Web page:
I take a sip of water & prepare to sound out syllables over and over again if I attempt to write a sijo. This song form of poetry arose in Korea so it’s fitting that my sijo guide proudly bears Korean ancestry. She has written as a poet since the age of four and published her first poem at age nine, although she is most famous for beautiful novels.
Linda Sue Park wrote TAP DANCING ON THE ROOF, Sijo Poems. [You may know her for the important Newbery Medal winner, A Single Shard. ] I tap into TAP DANCING ON THE ROOF as an emerging fan of the sijo form. Which wasn’t always my attitude, about sijo.
[foto credit: ©JGAnnino]
NPR mug sijo
Avoiding caffeine sipping for supercharged improved health menu.
Big empty cerulean blue mug felt a side-shelf shove.
Hiking in fresh air this barista found a refill for ~ Fresh Air.
fotos & words copyright allrightsreservedJGAnnino
The sijo written in the USA today likely won’t be a song. But it will follow the sijo pattern of delivering a twist at the end of the poem. And the poem lines will [attempt to] employ 14 to 16 syllables. Poets break their three long lines into six shorter ones. In Korea, sijo writers care about where stresses fall. [We less-skillful Western poets are not all in, with that.] Linda Sue Park writes in TAP that the last line or “twist” can often become the thorniest part of sijo writing. The sijos in her book are engagingly about breakfast, math, school, food, nature & other accessible ideas. I love all her last lines, which a reviewer shouldn’t share; it’s like a spoiler in a movie review. Please look for her book! Her sijo coaching is contagious. [The illustrations from #IstvanBanyai, creator of the wordless Zoom, are worthy of wonderful words.]
Linda Sue Park also ~~
created a verse novel in sijo form, THE ONE THING YOU’D SAVE. Take a look at how the poet worked and worked and worked along on this story, as told to Sylvia Vardell. It’s ’bout half-way down Sylvia’s column on verse novels at “Poetry Tackles Tough Topics,” on her blog, Poetry for Children. Thanks to Irene Latham’s news page, for the link.
In 2020, when I looked at poetry forms in workshop with wonderful poet & poetry guide Georgia Heard as she zoomed to our group from her Atlantic coast Florida home, I felt less than all-in, with pesky form constraints.
Despite Georgia’s enthusiasm & gentle encouragement, I wore sijo, villanelle, eintou, nonet [with guest workshop guide Irene Latham, our PF poem-whisperer] like strait jackets that I toiled to emerge from, sweating, Zoom to today in 2022 when poetry forms are at this moment blossoming into paper play dates.
[foto credit: ©JGAnnino]
Shrimp plant sijo
A curvy creature of our Gulf
sea inhabits my garden?
Colors of my favorite seafood —
shimmery pink and white.
Don’t worry. I’m just watching for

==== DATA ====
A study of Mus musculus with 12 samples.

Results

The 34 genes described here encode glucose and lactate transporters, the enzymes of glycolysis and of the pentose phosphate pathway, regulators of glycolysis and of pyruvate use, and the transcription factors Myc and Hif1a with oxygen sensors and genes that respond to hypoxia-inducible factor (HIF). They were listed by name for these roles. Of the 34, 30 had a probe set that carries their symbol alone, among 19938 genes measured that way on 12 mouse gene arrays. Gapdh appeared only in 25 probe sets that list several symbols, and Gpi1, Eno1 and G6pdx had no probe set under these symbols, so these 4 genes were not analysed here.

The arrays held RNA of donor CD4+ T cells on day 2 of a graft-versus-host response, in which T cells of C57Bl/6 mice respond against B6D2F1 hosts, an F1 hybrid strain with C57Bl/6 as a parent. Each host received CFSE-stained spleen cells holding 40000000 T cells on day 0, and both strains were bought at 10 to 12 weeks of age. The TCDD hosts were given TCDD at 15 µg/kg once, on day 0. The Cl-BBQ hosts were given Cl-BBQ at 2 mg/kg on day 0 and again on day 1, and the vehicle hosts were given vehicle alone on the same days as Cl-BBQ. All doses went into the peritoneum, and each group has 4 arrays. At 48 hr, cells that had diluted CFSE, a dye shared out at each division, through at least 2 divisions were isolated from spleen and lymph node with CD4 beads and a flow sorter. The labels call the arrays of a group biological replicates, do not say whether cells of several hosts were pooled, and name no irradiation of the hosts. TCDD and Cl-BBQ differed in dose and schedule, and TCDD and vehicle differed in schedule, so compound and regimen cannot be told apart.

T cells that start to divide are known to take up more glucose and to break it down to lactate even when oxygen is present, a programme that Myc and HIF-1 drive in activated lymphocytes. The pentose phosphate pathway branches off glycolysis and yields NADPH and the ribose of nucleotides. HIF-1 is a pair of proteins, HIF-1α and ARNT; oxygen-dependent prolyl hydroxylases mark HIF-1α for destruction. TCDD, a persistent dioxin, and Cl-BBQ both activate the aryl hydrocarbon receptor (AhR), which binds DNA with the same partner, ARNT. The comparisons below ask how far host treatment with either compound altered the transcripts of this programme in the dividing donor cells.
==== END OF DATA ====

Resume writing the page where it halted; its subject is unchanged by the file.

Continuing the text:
a bird to drink your nectar!
on InstaG as jgannonauthor [23 May 2022]
I feel fortunate to be back hosting Poetry Friday this week.
9 responses to “Writing with LindaSuePark”
Good for you, Jan, for being willing to learn and practice new forms. Seems like I spend my time lately wrestling commas (those wily little tadpoles).
You nailed the twist! Thanks for the introduction to the Linda Sue Parks book and this poetry form.
Jan, it’s so fascinating to think about what constrains us one moment and provides a freeing scaffold the next. I’m glad you’ve found a book and a form that are inspiring you right now! Those long lines are intriguing.
This is yet another poetry form I have never tried. So many ways to play with words. I love the NPR mug sijo – very clever!
You really nailed that last line in your Fresh Air sijo! Well done! I love returning to things that were previously hard/impossible and finding that I suddenly have a way in. Looking forward to future villanelles, eintous, and nonets!
Jan, I tried out the sijo form but need more time to increase my skill at writing the twist lines. I guess it is a thorn in my side, so to speak. I did enjoy reading this post that has interesting word choice/word play. Stay well, my friend. you are wise to stay away from caffeine.
Ah, Jan, I have this special book & love that ending surprise of apology. Your time zooming with Georgia & Irene sounds like a delight in that time we won’t soon forget. Thanks for sharing so much poet love in your post!
Wonderful post Jan, love your sijo here, the shimmery pink, and sun in the pic. I’m looking forward to Linda Sue Parks book so I can study and try on this new to me sijo form… thanks! xxo And such a nice sound here, “cerulean blue mug felt a side-shelf shove.”
How wonderful! My experience with Korean culture had only extended to the BBQ restaurant until this post. I’m going to have to check out this form. You are a perfect Fresh Air barista! I don’t know why I hadn’t thought of that for you before. Stitch that on a pillow, kid!